Approaching mandatory vaccination in Italy

In this section it's possible to view the Decrees, Circulars and Recommendations regarding the recent introduction of mandatory vaccinations.

The recent phenomenon of "Vaccine Hesitancy", i.e. the reluctance that has led to a decline in the uptake of mandatory and recommended vaccinations in Italy, is dependent on various factors including the fear of alleged risks following vaccination (in particular the outcry regarding the false relationship between the MMR vaccine and autism) and the low risk perception of infectious diseases (it is said that vaccines are victims of their own success, given that when the incidences of the diseases they curb are decreased, the risks of vaccine-preventable diseases are perceived to be low and vaccination is not deemed important by the population). As a result of this decline in vaccination, diseases such as measles have reappeared in Italy and the Italian government, supported by the opinion of technical bodies and the scientific community, has taken steps to make certain vaccinations, until now only "recommended", mandatory by law.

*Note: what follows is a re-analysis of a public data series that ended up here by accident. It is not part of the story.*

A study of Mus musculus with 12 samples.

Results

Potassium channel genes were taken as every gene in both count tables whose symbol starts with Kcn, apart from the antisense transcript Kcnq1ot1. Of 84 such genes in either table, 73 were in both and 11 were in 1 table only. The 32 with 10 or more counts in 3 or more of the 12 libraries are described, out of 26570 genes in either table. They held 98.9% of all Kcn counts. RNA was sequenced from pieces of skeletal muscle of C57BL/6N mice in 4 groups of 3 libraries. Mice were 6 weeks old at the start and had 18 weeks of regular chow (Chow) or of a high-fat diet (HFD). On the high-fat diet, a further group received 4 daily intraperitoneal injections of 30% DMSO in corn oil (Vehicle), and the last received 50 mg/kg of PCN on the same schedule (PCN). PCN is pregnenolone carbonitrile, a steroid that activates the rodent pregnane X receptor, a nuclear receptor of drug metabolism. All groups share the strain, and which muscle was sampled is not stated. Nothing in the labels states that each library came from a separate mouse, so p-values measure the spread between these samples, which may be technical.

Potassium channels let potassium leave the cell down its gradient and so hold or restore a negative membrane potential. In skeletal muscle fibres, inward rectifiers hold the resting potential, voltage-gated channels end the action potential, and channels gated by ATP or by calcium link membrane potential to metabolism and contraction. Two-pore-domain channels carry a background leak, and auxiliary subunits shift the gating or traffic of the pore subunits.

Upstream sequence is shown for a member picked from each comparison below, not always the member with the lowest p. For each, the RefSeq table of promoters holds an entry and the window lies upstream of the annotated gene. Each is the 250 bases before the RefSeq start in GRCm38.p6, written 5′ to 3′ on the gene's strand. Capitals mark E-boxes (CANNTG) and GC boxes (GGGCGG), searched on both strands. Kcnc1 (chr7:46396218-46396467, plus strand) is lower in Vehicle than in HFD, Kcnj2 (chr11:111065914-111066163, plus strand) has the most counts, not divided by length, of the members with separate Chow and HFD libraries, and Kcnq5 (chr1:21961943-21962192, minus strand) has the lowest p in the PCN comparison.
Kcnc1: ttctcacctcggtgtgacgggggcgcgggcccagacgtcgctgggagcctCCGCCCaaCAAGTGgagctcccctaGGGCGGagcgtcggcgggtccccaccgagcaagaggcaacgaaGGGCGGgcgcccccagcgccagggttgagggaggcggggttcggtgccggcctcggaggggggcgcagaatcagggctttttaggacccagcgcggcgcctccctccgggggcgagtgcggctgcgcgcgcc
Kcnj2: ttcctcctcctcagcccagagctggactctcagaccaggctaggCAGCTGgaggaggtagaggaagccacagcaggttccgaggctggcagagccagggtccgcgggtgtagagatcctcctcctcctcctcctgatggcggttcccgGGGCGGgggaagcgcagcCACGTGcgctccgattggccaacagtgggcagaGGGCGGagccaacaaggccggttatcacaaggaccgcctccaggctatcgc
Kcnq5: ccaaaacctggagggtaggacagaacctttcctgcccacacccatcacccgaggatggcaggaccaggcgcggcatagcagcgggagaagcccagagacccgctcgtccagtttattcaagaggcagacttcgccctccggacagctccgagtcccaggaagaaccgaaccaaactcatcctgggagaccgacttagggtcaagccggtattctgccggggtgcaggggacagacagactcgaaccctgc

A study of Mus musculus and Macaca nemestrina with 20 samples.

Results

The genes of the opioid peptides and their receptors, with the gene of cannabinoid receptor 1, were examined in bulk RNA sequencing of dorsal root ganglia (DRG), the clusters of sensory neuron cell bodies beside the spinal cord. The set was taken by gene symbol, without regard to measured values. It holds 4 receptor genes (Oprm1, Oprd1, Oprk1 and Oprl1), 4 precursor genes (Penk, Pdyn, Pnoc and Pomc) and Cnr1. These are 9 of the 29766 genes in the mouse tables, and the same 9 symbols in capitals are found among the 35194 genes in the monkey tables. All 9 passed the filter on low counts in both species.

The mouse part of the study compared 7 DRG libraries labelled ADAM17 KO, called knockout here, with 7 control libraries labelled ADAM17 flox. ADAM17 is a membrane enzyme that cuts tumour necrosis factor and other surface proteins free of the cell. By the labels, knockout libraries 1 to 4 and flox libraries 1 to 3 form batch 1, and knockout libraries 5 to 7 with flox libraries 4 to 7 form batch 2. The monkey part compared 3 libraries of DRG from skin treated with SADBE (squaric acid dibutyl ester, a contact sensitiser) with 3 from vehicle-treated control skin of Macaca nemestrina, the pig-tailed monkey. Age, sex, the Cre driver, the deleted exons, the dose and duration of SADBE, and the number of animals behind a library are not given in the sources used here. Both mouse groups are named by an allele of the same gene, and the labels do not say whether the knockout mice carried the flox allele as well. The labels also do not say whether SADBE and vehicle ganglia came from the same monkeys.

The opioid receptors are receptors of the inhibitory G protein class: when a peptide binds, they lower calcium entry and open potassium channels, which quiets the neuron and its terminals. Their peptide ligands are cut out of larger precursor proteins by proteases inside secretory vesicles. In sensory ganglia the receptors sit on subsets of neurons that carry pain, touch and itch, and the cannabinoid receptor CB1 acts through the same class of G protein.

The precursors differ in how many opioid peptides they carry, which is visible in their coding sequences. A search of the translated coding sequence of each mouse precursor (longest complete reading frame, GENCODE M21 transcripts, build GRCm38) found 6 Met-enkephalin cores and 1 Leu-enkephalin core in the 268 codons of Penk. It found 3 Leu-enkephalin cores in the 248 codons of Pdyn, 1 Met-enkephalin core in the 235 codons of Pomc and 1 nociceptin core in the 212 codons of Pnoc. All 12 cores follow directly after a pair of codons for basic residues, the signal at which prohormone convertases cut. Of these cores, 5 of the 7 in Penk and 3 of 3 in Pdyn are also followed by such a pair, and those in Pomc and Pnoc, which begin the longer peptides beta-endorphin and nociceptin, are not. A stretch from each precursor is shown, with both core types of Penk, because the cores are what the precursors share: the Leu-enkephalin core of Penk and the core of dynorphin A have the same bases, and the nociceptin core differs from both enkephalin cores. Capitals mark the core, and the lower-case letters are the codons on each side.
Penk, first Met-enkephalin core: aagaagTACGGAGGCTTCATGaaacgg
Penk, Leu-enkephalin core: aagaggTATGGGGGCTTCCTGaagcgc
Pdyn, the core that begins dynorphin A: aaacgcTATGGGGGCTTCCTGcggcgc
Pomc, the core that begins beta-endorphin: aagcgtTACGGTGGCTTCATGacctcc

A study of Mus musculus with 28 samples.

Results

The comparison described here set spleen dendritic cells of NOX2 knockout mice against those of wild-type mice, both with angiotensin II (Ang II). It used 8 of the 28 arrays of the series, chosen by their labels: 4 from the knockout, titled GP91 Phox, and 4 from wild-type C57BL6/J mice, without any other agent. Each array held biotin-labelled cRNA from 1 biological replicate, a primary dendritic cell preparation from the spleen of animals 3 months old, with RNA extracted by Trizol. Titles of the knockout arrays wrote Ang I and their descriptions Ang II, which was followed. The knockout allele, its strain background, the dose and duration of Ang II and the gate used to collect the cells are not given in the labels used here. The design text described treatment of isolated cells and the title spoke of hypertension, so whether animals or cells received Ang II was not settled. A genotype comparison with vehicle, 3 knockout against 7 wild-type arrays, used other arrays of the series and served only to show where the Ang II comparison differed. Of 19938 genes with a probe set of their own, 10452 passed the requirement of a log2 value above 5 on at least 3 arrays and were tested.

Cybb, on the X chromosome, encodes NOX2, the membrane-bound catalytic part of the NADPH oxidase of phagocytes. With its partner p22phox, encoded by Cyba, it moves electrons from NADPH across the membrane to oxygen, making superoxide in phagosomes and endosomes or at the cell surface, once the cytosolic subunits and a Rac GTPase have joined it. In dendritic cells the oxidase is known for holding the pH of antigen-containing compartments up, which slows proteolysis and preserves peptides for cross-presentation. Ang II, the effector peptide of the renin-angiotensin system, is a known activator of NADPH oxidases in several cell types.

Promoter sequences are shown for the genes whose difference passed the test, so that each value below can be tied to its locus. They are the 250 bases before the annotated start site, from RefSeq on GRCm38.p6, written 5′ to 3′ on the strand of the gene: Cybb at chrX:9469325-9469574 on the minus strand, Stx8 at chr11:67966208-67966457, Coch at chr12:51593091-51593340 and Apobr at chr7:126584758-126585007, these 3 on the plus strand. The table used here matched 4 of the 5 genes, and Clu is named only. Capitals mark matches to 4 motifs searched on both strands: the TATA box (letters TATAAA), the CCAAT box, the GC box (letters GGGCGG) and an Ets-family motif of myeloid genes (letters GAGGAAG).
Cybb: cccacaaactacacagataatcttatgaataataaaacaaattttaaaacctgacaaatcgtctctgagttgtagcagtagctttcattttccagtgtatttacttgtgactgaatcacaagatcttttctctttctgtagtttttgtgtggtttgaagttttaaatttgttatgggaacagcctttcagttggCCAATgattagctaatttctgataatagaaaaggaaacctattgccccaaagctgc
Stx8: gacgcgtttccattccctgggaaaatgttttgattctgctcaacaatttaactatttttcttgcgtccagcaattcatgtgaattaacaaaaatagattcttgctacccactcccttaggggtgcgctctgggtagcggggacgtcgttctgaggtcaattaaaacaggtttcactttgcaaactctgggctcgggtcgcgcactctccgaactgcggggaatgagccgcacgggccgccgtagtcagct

In Italy, steps towards mandatory vaccination began with the vaccine for smallpox (introduced back in 1888, but already widespread in the Kingdom of Italy even before Unification) whose cycle ended in 1981 when the disease, thanks to extensive vaccination worldwide, was definitively eradicated.

In light of the success of smallpox vaccination, other vaccinations were introduced as mandatory (diphtheria, poliomyelitis, tetanus, hepatitis B) up to a time when it was considered that the population had such a level of health consciousness that it was no longer necessary to compel them to protect themselves since they would voluntarily do it. Thus, the introduction of new vaccines subsequently followed a recommendation criterion, until the point when, given the upsurge in the aforementioned ‘vaccine hesitancy’, it was considered necessary to reintroduce mandatory vaccinations as a school-entry requirement for children aged 0- 16.